Thanks to Elaine I get the night off. I’ll be back tomorrow. :)
If you are new to Elaine’s series, click here and scroll down to start at the beginning.
Now that we’ve taken five weeks to look introspectively at our own personal motivations and goals, it’s time to take a look at the environment that we live in – the public health implications of obesity, food problems, and lack of exercise in contemporary American culture. Scientists know now that about 50% of our health comes from our environment and behaviors – where we live, how we eat, and our habits related to smoking, drinking, and exercising. 50%!! That is a staggering number! Great genetics and great doctors and the best hospitals have nothing on environment and behavior! We’ve focused on behavioral and goal setting for five weeks, so let’s take a pause to look at environment.
I remember the day another new McDonald’s opened down the street from me. It was now directly on my commute to and from work, as opposed to the other McDonald’s, which was about a mile out of the way. I have no doubt that I drank more iced coffee slathered with cream and ate more McDoubles those first few months than I had before. The environment had changed, and my behavior had changed accordingly. I would argue that the average American consumer is abused with the amount of food input we receive at every turn – restaurants on every corner, no time for cooking dinner after work, candy bars at the gas station, happy hours after work, and most socialization involving food. It’s a constant onslaught of information to our brains to eat, eat, eat….and it’s creating a public health crisis.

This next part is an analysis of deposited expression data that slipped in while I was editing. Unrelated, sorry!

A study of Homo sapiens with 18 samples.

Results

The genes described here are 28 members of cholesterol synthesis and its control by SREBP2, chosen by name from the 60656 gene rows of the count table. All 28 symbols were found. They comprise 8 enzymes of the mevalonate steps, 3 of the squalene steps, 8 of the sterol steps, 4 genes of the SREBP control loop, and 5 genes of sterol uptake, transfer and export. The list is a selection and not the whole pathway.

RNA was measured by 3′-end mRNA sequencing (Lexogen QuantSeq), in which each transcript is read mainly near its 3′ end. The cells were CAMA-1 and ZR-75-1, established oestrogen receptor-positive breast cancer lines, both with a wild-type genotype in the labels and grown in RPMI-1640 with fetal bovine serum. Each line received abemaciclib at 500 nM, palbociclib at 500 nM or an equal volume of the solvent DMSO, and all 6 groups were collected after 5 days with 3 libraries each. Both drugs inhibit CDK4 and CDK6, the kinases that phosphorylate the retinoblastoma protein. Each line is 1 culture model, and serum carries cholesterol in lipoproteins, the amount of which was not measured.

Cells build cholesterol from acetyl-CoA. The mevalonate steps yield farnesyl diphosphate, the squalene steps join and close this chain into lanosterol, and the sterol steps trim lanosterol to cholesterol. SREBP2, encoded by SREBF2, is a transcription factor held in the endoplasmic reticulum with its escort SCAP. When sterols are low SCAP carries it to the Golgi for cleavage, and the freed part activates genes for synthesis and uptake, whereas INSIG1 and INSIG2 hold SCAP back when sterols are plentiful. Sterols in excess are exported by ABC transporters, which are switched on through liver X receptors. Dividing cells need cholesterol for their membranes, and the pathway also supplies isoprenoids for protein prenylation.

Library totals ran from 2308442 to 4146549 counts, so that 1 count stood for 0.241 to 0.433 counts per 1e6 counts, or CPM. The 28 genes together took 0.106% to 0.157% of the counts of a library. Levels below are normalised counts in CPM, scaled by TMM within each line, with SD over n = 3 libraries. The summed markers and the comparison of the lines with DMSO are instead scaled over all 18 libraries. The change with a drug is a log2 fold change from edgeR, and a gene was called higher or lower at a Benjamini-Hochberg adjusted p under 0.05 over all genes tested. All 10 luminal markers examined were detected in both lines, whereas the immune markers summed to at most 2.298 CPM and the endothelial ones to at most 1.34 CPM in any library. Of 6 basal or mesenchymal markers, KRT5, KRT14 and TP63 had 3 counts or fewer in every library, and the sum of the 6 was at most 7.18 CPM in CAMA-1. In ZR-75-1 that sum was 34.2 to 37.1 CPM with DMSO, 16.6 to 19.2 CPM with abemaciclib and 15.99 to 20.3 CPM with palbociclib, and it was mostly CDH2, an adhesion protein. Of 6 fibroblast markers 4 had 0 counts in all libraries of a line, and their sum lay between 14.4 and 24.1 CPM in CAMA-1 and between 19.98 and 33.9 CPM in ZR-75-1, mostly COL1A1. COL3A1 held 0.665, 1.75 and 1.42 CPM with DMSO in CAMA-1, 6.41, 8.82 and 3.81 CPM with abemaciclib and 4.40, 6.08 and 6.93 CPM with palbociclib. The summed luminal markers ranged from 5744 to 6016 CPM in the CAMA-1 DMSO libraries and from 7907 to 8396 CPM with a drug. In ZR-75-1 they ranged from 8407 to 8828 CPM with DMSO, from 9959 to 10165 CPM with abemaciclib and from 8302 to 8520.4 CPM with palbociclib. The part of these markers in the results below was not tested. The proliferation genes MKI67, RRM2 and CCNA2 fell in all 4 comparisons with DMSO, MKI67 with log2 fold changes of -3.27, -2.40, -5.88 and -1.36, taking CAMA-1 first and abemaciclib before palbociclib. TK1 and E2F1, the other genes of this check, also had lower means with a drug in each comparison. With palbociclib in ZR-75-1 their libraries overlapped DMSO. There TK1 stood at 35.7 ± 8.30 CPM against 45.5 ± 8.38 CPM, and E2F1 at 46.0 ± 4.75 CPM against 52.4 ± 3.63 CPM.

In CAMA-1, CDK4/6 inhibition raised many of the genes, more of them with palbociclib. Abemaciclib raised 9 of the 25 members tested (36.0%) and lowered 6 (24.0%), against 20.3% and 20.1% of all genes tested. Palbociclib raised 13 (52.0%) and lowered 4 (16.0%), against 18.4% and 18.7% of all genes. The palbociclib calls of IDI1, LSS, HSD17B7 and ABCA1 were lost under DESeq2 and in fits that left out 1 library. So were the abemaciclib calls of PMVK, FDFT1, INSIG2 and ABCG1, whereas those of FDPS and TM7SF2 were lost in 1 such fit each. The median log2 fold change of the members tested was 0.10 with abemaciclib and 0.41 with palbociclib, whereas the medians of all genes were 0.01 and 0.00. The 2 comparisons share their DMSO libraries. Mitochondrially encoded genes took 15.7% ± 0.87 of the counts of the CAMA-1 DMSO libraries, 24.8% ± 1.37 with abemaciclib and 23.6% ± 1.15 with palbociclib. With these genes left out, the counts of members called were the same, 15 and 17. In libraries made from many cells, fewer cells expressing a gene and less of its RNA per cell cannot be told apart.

However, not all is lost. New York recently began posting nutritional information on all menus in restaurants, trans fats are now listed on nutritional facts, shows like the Biggest Loser promote a healthy weight image, and Dove has a healthy woman campaign that shuns photoshopping. Cities recognize that parks and walking trails mean fewer heavy children and happier families. In my home state of Oklahoma, the University of Oklahoma is piloting a progressive initiative to identify children with obesity and provide free nutritional counseling to the entire family.
Public health is a collection of everyone’s actions. For me, that means telling myself my mantra of “I will not stop!” as I pass McDonald’s and surrounding myself with great input from reading healthy blogs like Roni’s Weigh. It means owning two dogs because I know it forces me to walk more. It means suggesting a meeting at 11am instead of noon so that I don’t feel pressured to eat with my co-workers. By modifying my environment, I can support my own healthy behaviors. What actions are you taking to positively impact your environment, and your behaviors? Let me know in the comments!